Coldest start to winter in decades drive up energy demand


A series of slow-moving long-wave troughs caused a persistent stream of cold air over southeastern Australia during the first two weeks of June. This weather pattern caused a prolonged run of below-average temperatures and cold blustery winds across several states and territories. 

Every Australian capital city except for Perth and Darwin had its coldest first fortnight of winter in more than a decade, in some cased more than 70 years:  

  • Canberra stayed below 13ºC during the first 14 days of winter, its coldest start to the season since 1964. 
  • Sydney Airport (below 19.2ºC) and Bankstown (19.4ºC) both had their coldest first fortnight of winter since 2006. 
  • Melbourne failed to reach 15ºC during the first fortnight of June, the city’s coldest start to winter since 1949
  • Brisbane remained below 23ºC over the first two weeks of winter for the first time since 2000. The city only reached as high as 22.8ºC, making it the coldest first fortnight of winter since 1990.
  • Adelaide stayed below 17.5ºC in the first 14 days of June, the city’s coldest first two weeks of winter since 2007 
  • Hobart only got as high as high as 13.7ºC in the first two weeks of June, its coldest start to winter since 1982  

The unusually cold start to winter caused a spike in energy demand across Australia’s National Electricity Market (NEM) as building occupants tried to escape the chill.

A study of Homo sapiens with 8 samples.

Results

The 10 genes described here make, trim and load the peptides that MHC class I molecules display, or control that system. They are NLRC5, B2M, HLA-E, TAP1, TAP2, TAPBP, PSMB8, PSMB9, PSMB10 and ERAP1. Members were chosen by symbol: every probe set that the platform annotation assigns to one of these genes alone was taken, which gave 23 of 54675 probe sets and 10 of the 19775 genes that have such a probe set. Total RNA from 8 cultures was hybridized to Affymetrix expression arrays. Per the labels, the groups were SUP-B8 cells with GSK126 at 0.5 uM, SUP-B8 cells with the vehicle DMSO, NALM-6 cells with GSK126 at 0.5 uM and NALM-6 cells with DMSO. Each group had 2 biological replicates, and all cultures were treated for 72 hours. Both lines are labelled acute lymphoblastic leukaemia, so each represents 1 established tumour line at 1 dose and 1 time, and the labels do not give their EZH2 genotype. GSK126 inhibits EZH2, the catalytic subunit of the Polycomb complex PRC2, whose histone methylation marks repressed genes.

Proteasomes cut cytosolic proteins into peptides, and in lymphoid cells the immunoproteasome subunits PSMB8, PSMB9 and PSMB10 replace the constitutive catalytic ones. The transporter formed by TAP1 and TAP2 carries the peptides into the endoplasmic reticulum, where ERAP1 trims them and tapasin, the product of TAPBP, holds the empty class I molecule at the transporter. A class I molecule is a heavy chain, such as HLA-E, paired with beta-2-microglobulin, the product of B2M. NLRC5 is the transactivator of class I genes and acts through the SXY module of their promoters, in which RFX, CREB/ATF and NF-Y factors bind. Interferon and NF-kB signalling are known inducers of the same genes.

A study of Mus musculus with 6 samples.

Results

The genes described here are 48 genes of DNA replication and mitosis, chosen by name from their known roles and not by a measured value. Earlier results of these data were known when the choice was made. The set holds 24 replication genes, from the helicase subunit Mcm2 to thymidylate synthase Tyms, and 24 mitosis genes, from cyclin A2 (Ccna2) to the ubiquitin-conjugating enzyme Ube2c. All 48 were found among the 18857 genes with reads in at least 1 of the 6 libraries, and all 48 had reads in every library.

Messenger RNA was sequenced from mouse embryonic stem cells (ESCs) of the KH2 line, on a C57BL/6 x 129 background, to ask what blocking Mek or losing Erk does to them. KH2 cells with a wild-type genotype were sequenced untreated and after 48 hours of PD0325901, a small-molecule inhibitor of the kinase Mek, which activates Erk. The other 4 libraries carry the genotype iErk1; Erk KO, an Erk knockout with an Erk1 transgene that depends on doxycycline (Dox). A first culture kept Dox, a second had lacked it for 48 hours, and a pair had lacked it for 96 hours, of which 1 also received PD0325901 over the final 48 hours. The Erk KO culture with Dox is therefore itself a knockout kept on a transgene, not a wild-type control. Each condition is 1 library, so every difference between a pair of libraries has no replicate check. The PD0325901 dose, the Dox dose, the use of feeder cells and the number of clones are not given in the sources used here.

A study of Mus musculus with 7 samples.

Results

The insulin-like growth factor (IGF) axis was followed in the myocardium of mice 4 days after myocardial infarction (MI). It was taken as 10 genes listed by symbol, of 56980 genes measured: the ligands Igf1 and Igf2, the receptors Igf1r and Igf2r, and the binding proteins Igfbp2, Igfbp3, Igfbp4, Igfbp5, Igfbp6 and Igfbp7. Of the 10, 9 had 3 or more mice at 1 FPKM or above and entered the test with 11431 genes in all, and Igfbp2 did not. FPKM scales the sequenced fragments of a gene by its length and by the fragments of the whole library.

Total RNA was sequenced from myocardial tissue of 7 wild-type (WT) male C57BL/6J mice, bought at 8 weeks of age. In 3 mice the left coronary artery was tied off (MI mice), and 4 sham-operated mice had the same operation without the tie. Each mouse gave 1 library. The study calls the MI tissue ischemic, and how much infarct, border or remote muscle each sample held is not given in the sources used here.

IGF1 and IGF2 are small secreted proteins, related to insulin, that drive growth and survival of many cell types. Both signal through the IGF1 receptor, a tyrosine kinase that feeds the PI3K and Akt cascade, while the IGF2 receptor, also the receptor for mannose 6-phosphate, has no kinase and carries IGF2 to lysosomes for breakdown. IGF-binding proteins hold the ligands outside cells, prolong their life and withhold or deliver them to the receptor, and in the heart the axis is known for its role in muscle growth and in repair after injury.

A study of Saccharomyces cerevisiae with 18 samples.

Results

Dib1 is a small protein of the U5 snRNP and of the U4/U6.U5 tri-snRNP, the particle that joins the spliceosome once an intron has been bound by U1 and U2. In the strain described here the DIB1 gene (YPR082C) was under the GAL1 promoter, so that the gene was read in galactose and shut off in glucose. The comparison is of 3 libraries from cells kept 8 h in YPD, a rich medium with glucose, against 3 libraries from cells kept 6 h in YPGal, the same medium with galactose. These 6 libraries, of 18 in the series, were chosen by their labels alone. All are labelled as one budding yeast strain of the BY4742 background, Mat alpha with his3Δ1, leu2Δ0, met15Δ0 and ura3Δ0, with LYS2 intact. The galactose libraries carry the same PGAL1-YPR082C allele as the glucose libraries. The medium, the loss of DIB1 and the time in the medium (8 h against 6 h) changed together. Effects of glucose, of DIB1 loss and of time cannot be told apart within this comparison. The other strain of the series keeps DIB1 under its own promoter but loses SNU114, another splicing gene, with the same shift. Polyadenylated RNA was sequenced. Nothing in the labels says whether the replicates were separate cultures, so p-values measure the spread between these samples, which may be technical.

Data from OpenNEM.org shows that energy demand during the week ending on June 12 was higher than any other week in the past 12 months.  


Interestingly, while the past fortnight’s windy weather caused uncomfortable levels of wind chill, it also boosted wind power production. During the fortnight ending on June 12, wind produced around 17 to 18 percent of the NEM’s total energy demand. These were also the highest and third highest weekly values in the past 12 months, with wind power typically contributing around 9 to 13 percent of the overall energy generation. 

The unusually cold weather during the first fortnight of winter has driven up energy demand across the NEM. This increased demand has exacerbated issues being faced by the energy sector amid the surging price of gas and a complex mix of international and domestic events.